February 24, 2015
In the fall of 2013, Princeton Community Middle School (PCMS) students walked into the newly-constructed 6-12 campus of both PCMS and PHS. The next fall, that of 2014, saw high school students start their new era in the new PHS at 100 Viking Way, across the street from the old school.
This spring will see the start of demolition of that old school. It will have survived nearly but not quite sixty years, seeing probably fifty-thousand students pass through its halls over the years.
And what's left is for sale via an online auction through the services of Penny Worley Auctioneers.
Here are some of the highlights as I skim through the pages. (All of these comments were made on a snow day last week, 2/18. Prices, at least, probably should be updated before posting.)
The two most valuable items are a pair of vending machines (178 and 179) . Currently going for $400 each. I had no idea that Princeton owned those. I assumed they were all leased or just put there for a cut of the profits.
The remaining contents of my classroom are up for purchase as lot 1855. If anybody's curious, I can sign anything in there to increase the value.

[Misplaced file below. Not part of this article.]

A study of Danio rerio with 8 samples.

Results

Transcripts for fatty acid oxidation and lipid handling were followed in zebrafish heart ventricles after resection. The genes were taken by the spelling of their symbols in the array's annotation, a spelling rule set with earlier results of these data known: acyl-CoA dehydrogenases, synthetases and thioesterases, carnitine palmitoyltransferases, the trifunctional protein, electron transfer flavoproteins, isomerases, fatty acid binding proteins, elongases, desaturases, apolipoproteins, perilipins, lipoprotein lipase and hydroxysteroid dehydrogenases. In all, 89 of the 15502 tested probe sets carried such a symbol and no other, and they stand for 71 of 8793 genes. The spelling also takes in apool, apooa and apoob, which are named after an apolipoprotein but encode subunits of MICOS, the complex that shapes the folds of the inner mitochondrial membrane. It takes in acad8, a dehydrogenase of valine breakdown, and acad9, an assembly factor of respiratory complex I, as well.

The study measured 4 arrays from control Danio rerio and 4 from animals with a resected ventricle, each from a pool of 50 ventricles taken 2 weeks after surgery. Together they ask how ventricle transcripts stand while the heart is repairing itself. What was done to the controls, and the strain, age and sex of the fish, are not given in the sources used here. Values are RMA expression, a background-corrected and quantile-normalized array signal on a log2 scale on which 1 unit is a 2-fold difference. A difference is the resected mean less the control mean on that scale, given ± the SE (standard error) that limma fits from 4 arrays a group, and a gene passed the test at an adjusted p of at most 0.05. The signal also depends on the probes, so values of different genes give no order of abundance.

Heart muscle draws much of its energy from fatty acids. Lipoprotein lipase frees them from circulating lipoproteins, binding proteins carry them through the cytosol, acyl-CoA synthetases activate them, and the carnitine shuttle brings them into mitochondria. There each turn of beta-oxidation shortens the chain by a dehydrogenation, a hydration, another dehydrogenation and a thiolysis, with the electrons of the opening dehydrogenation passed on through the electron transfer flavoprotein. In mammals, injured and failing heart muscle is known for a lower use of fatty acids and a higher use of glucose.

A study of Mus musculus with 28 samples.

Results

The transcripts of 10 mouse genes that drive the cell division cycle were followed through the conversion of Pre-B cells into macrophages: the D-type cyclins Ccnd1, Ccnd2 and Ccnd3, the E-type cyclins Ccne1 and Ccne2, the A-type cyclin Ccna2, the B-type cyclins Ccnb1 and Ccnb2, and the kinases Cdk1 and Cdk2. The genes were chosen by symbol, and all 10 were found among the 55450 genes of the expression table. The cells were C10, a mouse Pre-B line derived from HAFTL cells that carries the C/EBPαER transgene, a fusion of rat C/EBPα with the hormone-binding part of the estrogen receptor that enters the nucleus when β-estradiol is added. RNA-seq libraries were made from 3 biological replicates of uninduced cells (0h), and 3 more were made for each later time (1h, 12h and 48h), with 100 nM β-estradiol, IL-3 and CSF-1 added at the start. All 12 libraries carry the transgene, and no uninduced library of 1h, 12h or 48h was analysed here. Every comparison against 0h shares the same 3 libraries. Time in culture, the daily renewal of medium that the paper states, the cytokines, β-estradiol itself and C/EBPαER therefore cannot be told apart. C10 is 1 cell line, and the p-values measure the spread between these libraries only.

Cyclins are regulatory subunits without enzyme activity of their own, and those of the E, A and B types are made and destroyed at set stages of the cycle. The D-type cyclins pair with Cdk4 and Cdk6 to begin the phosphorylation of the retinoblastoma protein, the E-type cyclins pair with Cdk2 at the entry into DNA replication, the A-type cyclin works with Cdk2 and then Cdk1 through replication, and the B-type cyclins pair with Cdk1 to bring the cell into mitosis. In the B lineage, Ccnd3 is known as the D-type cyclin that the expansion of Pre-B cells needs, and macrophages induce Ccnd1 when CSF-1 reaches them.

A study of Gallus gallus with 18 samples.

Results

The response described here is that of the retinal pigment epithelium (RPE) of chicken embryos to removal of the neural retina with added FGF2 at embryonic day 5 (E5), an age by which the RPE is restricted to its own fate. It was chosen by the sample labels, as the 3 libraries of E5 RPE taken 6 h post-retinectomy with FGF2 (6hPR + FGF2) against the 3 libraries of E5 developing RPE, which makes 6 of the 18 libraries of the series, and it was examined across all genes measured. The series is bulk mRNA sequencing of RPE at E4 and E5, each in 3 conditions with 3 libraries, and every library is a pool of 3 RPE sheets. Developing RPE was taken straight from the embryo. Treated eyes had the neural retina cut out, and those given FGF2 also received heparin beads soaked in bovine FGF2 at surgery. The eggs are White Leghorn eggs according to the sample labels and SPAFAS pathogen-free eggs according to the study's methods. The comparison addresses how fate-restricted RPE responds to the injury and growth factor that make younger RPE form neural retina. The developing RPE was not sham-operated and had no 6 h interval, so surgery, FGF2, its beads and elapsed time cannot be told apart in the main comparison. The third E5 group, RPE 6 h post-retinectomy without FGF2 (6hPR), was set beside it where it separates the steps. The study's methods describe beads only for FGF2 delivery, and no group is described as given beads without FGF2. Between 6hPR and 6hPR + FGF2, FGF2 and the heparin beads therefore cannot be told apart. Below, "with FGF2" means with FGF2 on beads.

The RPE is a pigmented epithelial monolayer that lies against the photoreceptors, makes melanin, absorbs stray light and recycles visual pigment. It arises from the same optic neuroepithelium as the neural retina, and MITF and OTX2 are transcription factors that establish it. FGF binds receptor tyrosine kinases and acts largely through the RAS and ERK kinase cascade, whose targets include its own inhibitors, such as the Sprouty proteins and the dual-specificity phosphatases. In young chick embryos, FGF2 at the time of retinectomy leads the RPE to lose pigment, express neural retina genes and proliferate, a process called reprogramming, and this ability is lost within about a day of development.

The auctioneers do have a sense of humor, or at least the person writing the descriptions does. Check out this lot (1323) of 'footballs (partially deflated-Patriots style)".
I can't remember whether I got a 'silver' Viking pin or not, but this lot of pins (1579) certainly seems like something we should have moved across the street with us.
Above the memorial pond - in a courtyard that our students weren't allowed to even see for the last five or so years of the school's existence but where thousands of students ate lunch over the decades and which had a plaque honoring our fallen Vikings like Kelly Freeman to whom the pond was once dedicated (I've no idea whether the pond was dedicated to someone who was forgotten before Kelly) - there once hung a Viking head medallion that was probably four or five feet in diameter. The medallion was taken down when the pond was being rehabbed a decade or so ago by Judy Maciolli (now Judy Kelly and teaching with us again). For a year or so the medallion sat and aged outside before I rolled it into my room where it sat for a while longer before I passed it along to our tech folks who rebuilt the sign and trimmed the head from the medallion. Lot 1153 is all that seems to have survived of that medallion. That makes me really sad, though I have to admit that I passed it along and didn't follow it enough to complain.
Lot 566 is the only one that really tempts me to dive into the bidding. That would look pretty sweet hanging in...on my...next to...
I have no idea where I would hang a four-foot Viking head that doesn't even follow the branding guidelines.
So, does anybody want to buy my memories?